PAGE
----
With Dallas Cowboys owner and GM Jerry Jones admitting he’s had ‘shower thoughts’ about bringing Dez Bryant back, does a reunion actually make sense?
Last week, Dallas Cowboys owner and general manager Jerry Jones admitted to thinking “a lot” about signing former wide receiver Dez Bryant. Yes, the same Dez Bryant that was cut unceremoniously from the team after the 2017 season and reportedly left with the threat that he would exact his revenge as a division rival.
Could Jerry Jones really be entertaining the thought of bringing the now 31-year-old receiver back for a second go at it? Would it even make sense?
In my heart, I want to say yes. I love Dez Bryant. I love the passion he brought to the game, even if it was accompanied by some drama. I love the idea of a fairy tale reunion in which the embattled wide receiver, coming off a torn Achilles tendon, has a dramatic comeback season with the team that took a chance on him in the 2010 NFL Draft.
But these are dreams. Probably the same dreams Jerry Jones admitted to having in the shower about Dez Bryant.
Despite some impressive workout videos and an eagerness to prove himself, Dez Bryant is no longer the Pro Bowl receiver he was during his prime in Dallas. That’s not to say he wouldn’t provide value to a team that signs him now, however. Assuming Jerry Jones could convince new head coach Mike McCarthy on Bryant — and that’s a big if — I do believe that the veteran wide receiver could be of service to the team.
The general consensus when Bryant was nearing the end of his tenure in Dallas was that for him to extend his future in the NFL, he would have to accept more of role working from the slot — something Larry Fitzgerald had to do in Arizona (and found success with). The idea was that Bryant, who struggled to get separation from elite cornerbacks in one-on-one situations, would be better suited working the middle of the field against zone coverage.
That’s still sort of the belief. DallasCowboys.com writer David Helman even acknowledged that Bryant’s size could create a “mismatch against nickel backs and safeties, particularly in the red zone.”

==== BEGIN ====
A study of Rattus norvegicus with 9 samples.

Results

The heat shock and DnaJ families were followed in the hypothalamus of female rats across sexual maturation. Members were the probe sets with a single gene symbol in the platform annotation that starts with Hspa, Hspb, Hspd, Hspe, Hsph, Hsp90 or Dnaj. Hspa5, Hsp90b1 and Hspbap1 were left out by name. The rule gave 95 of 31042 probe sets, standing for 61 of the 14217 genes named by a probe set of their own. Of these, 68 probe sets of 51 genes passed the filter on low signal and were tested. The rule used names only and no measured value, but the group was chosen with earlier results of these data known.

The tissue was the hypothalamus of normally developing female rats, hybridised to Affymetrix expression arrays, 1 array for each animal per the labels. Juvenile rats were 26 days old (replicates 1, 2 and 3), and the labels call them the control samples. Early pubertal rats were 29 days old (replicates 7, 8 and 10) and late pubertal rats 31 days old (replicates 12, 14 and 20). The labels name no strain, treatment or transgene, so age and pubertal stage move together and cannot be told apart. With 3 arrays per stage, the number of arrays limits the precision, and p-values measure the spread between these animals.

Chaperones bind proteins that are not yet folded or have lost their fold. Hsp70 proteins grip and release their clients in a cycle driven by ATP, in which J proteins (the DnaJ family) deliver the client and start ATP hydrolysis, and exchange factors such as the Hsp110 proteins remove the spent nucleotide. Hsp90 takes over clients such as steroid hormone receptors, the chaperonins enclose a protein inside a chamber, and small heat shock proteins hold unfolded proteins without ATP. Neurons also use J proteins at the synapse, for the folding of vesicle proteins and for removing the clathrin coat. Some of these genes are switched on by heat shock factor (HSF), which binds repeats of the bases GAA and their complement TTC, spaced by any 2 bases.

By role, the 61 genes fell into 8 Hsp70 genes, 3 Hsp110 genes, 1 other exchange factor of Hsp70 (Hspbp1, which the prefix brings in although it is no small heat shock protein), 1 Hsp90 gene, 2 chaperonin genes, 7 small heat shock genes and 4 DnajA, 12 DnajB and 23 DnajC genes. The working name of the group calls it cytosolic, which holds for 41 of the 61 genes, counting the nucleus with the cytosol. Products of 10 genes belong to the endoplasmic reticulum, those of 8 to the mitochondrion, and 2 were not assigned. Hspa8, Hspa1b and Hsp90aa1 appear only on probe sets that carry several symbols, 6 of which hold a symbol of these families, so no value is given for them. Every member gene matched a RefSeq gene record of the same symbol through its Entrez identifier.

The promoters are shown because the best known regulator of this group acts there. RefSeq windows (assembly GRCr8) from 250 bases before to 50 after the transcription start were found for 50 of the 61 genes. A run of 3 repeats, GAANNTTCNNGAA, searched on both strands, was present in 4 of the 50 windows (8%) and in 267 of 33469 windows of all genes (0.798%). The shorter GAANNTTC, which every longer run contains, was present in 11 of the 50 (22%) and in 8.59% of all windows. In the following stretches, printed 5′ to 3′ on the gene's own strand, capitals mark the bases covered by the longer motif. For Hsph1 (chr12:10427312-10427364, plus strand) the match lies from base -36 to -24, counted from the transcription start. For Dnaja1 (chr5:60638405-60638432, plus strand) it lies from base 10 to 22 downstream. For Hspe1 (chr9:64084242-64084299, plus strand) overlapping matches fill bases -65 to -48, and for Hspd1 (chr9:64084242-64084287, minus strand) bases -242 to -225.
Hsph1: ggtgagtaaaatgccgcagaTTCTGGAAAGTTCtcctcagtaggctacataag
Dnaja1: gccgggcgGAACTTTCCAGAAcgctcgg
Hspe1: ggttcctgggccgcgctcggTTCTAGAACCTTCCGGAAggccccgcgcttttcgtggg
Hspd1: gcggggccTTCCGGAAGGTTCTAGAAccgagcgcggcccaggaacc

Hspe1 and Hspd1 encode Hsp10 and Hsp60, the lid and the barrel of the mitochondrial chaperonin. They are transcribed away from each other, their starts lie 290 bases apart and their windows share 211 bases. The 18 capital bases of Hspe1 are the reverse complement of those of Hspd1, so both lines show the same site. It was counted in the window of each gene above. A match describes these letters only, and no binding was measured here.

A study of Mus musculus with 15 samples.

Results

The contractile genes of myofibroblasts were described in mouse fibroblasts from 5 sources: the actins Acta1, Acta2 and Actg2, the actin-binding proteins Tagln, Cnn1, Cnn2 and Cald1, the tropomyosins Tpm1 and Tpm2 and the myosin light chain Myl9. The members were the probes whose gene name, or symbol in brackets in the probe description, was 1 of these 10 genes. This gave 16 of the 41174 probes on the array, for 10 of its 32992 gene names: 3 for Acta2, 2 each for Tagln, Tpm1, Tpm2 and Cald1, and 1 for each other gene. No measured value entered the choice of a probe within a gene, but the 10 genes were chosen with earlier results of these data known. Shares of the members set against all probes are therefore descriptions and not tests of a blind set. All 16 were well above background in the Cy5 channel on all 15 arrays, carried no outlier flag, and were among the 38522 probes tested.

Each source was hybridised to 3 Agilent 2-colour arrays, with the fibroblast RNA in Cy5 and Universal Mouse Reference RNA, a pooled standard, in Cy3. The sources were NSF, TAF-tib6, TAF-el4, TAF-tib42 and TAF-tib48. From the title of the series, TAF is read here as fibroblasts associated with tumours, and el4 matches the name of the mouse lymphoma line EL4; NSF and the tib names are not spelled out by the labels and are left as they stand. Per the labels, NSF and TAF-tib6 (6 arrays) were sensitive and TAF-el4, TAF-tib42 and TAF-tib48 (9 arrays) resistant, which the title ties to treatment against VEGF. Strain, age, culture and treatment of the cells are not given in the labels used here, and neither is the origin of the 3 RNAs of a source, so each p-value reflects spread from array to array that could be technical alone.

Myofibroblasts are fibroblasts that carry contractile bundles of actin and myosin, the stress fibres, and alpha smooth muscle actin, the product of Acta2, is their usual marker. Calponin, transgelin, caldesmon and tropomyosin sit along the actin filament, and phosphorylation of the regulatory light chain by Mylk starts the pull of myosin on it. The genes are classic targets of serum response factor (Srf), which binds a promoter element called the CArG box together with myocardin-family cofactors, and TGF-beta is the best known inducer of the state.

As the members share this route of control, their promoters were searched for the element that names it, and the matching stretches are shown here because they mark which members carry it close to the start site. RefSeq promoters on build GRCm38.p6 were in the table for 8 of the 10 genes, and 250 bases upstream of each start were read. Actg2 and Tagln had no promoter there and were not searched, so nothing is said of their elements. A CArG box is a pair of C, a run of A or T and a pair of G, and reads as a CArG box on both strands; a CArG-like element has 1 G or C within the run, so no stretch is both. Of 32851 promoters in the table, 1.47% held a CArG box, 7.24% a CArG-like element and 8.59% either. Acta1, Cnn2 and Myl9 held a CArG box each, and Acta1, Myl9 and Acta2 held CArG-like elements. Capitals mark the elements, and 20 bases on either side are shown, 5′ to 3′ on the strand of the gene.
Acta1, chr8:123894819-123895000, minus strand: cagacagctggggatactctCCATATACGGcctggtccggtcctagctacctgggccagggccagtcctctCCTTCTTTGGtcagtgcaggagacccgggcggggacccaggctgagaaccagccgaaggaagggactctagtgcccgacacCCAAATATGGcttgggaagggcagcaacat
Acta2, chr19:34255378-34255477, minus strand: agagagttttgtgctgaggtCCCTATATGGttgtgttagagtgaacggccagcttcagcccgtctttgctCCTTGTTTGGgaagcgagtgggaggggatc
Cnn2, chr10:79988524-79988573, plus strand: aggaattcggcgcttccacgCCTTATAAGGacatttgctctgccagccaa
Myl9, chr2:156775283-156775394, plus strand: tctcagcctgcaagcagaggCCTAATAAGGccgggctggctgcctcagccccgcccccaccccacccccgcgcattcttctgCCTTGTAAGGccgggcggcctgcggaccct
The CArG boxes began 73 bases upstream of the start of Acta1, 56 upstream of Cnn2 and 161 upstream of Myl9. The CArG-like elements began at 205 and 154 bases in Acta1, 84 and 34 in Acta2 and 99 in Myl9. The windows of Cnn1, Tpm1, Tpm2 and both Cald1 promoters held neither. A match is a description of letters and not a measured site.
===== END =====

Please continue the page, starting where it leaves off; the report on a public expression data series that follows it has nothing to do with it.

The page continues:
The Cowboys attempted to replace Cole Beasley’s slot production with Randall Cobb in 2019. Cobb, who signed a one-year deal for $5 million, was third on the team with 828 receiving yards, behind only Amari Cooper and Michael Gallup.
Cobb is a free agent though and will likely seek more money after a productive season with the Cowboys. Dallas could probably sign Bryant at a cheaper price but there’s no guarantee he will put up those kind of numbers. It’s possible though.
It would certainly be a risky gamble, but it could pay off in the end. Depending on the numbers, it could also give the Cowboys more flexibility to sign Amari Cooper and Dak Prescott, their two biggest free agents this offseason.
Alternatively, Bryant could return to his role as the X receiver. By no means do I think he could replace the production of Amari Cooper in that role, but I do think he could open things up further for the 25-year-old Pro Bowl receiver. By Bryant playing the X receiver, it would free Cooper to line up in the slot more often, a role that many analysts believe he could excel in.
Cooper’s dominance as a slot receiver has been well-documented, but he’s often been underutilized in the position. Cooper’s efficiency in the slot has been compared to the likes of JuJu Smith-Schuster and Adam Thielen. Prior to the 2019 season, USA Today wrote about Cooper’s success in the slot:
"As a slot receiver, Cooper cashed in his 14 targets for 11 receptions, 203 yards, and two TDs. His yards-per-route run (Y/RR) from the slot last season, a metric which reflects a receiver’s efficiency, was an extremely healthy 3.12 in 2018."
The general consensus is that Cooper would thrive in the position. The emergence of Michael Gallup as a deep threat could open things up for Cooper in the future. And with Cobb possibly gone, there’s certainly more flexibility.
I don’t think Dez Bryant is a necessity to for the Cowboys to explore moving Cooper to slot, but I do think he could provide some value at this stage of his career. Beyond the possible mismatches he could cause, Bryant’s knowledge of the position could be valuable to a relatively young receiving corps.
Under the right circumstance, I could say a Dez Bryant and Dallas Cowboys reunion make sense. Unfortunately, I don’t think it will happen. With Bryant’s injury history and media attention his mere presence commands, I don’t think McCarthy will want to deal with that in his first season as head coach.